They call themselves the Grady Bunch.
The Ferris football team’s secondary of seniors Riley Stockton, Cody Sorensen, Beau Bozett and Jordan Tonani came up with the nickname for themselves as a tribute to Grady Emmerson, the Saxons’ defensive coordinator.
The foursome has been among the best in the Greater Spokane League at defending the pass.
They’re double trouble, too. Tonani, Stockton and Bozett also are the frequent targets at wide receiver for quarterback Ben Goodwin. Tonani has also proven to be a threat running and passing the ball.
Tonani passed for a touchdown, rushed for one and caught two TD passes in the Saxons’ win over Central Valley last week.
CV coach Rick Giampietri is glad Tonani is finally a senior. Giampietri has seen more than enough of him.
“He’s a heady player,” Giampietri said. “When he was a sophomore and they beat us at our place, he makes a play that was as heady as I’ve ever seen. There was a fumble and he dives from the hash mark and knocks it out of bounds so Ferris keeps possession of it. He’s pretty darn slick. He obviously caused us a lot of trouble everywhere last Friday. He has a really nice feel for the game.”
Giampietri thought Ferris in general was difficult to deal with, and he was especially impressed with the Saxons’ defense and their secondary.
“Their defensive speed impressed me,” Giampietri said. “They just rally to the ball so fast. The defense was a lot faster than I thought it was. That’s what impressed me the most. And the secondary kids are all solid.”
They will be tested Friday night when co-leaders Ferris (5-0) and Mt. Spokane (5-0) square off at Albi Stadium at 8.
The foursome are all two-sport standouts. Stockton, the nephew of NBA Hall of Famer John Stockton, and Tonani also started for the Saxons in basketball last year while Bozett and Sorensen are starters in baseball.
Tonani is being recruited heavily in football – not specifically as a defensive back or wide receiver but primarily as an athlete. Ferris coach Jim Sharkey sees Tonani playing safety at the next level.
“I love Jordan’s work ethic,” Sharkey said. “That’s what is really neat about this group of kids. They show up and practice and have fun at games. Every day they’re excited.”
Tonani knows why he and his teammates have stood out.
“We all compete with each other,” said Tonani, a three-year starter at slotback and two-year starter on defense. “I think that’s what makes us a good secondary. We go against each other all the time. … We don’t let up. We love hitting.”
Stockton is being recruited for football and basketball. His height – he’s 6-foot-5 – makes him an attractive recruit in football at wide receiver.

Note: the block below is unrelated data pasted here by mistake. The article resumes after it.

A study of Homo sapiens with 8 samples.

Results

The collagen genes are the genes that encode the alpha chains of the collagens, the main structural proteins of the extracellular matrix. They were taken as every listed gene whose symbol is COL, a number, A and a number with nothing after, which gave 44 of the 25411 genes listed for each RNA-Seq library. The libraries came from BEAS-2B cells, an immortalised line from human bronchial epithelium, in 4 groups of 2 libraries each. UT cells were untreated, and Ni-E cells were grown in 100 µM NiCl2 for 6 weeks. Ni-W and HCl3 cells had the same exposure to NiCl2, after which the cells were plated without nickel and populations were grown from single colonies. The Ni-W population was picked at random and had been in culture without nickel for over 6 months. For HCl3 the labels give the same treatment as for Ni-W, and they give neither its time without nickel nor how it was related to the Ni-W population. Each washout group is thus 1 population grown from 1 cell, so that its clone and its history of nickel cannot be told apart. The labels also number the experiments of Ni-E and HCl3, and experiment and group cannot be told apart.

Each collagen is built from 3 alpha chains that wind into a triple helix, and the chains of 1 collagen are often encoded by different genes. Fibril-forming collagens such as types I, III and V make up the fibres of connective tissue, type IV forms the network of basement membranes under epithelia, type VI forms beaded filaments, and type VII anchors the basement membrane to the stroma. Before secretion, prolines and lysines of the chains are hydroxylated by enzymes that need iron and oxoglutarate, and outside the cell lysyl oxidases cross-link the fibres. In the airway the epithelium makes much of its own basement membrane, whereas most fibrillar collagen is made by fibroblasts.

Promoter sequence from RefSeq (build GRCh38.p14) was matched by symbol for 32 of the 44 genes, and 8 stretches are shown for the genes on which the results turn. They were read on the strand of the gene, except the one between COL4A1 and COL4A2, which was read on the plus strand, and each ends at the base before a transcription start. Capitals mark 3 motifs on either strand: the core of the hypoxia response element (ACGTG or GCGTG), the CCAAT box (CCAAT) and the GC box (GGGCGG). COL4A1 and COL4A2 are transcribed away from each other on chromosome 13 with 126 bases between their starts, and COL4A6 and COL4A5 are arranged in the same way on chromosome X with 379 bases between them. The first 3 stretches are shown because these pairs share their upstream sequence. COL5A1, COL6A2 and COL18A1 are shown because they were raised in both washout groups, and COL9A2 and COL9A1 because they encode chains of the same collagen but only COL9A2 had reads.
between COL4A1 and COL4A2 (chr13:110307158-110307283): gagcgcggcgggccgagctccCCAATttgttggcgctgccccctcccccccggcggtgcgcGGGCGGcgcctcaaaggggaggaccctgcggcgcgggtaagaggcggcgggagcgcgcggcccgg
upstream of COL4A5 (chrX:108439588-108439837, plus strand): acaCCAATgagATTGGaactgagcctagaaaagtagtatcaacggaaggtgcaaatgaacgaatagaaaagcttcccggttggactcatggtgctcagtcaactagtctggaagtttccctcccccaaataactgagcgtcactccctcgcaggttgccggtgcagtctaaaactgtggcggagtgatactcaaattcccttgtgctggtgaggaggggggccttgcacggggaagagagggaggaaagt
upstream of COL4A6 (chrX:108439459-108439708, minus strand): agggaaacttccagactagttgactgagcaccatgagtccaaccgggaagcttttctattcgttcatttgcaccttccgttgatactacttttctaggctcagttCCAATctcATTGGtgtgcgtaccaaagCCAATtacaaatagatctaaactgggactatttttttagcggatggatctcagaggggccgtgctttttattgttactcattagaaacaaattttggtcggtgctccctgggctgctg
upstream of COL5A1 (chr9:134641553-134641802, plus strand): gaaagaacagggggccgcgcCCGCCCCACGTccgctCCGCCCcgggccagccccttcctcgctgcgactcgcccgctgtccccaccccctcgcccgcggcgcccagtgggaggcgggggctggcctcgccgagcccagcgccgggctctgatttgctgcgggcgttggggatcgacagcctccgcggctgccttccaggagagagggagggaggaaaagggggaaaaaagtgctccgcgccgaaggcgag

“A year ago I wouldn’t have thought I could have played college football,” said Stockton, who admits his first love is basketball. “I was tall and gangly and a little uncoordinated on the football field. I’ve had another year to mature. The game has slowed down quite a bit for me this year.”
“It’s all starting to come together for him,” Sharkey said. “He’s a better wide receiver from playing defensive back. He really started to blossom in the playoffs last year.”
Bozett, a starter at WR and the team’s nickel back on third-and-long situations on defense last year, has come the furthest among the players in football. He didn’t start playing the sport until eighth grade. His first love is baseball.
“My coaches have taught me a lot,” Bozett said. “I had no idea about coverages or anything like that. Football has toughened me up for baseball, especially mentally.”
Sharkey appreciates Bozett’s blue-collar mentality.
“He’s been pretty productive,” Sharkey said. “He’s a real fun-loving kid. He always has a smile.”
Sorensen, the son of former Washington State University safety Paul Sorensen, is called the “Baby-faced Assassin.” He’s the Saxons’ most feared hitter.
His teammates try to avoid contact with him at practice.
“Cody is the best striker on the team,” Stockton said. “Getting hit by Cody in practice is not one of my favorite things.”
Sorensen played cornerback last year but switched to strong safety this season.
“It’s a more natural position for me,” Sorensen said. “It allows me to run downhill and be more aggressive.”
In Sharkey’s mind, Sorensen plays much like his dad did.
“He’s got a lot of Paul in him in terms of his physical nature,” Sharkey said.
Sharkey says the foursome’s abilities in the classroom carry over to the field. They all have at least a 3.5 grade-point average, led by Stockton’s 3.94.
They also have a tight bond.
“We’re all close friends,” Stockton said. “Every weekend we all seem to find each other – we’re at somebody’s house together.”
That’s because they’ve become the Grady Bunch.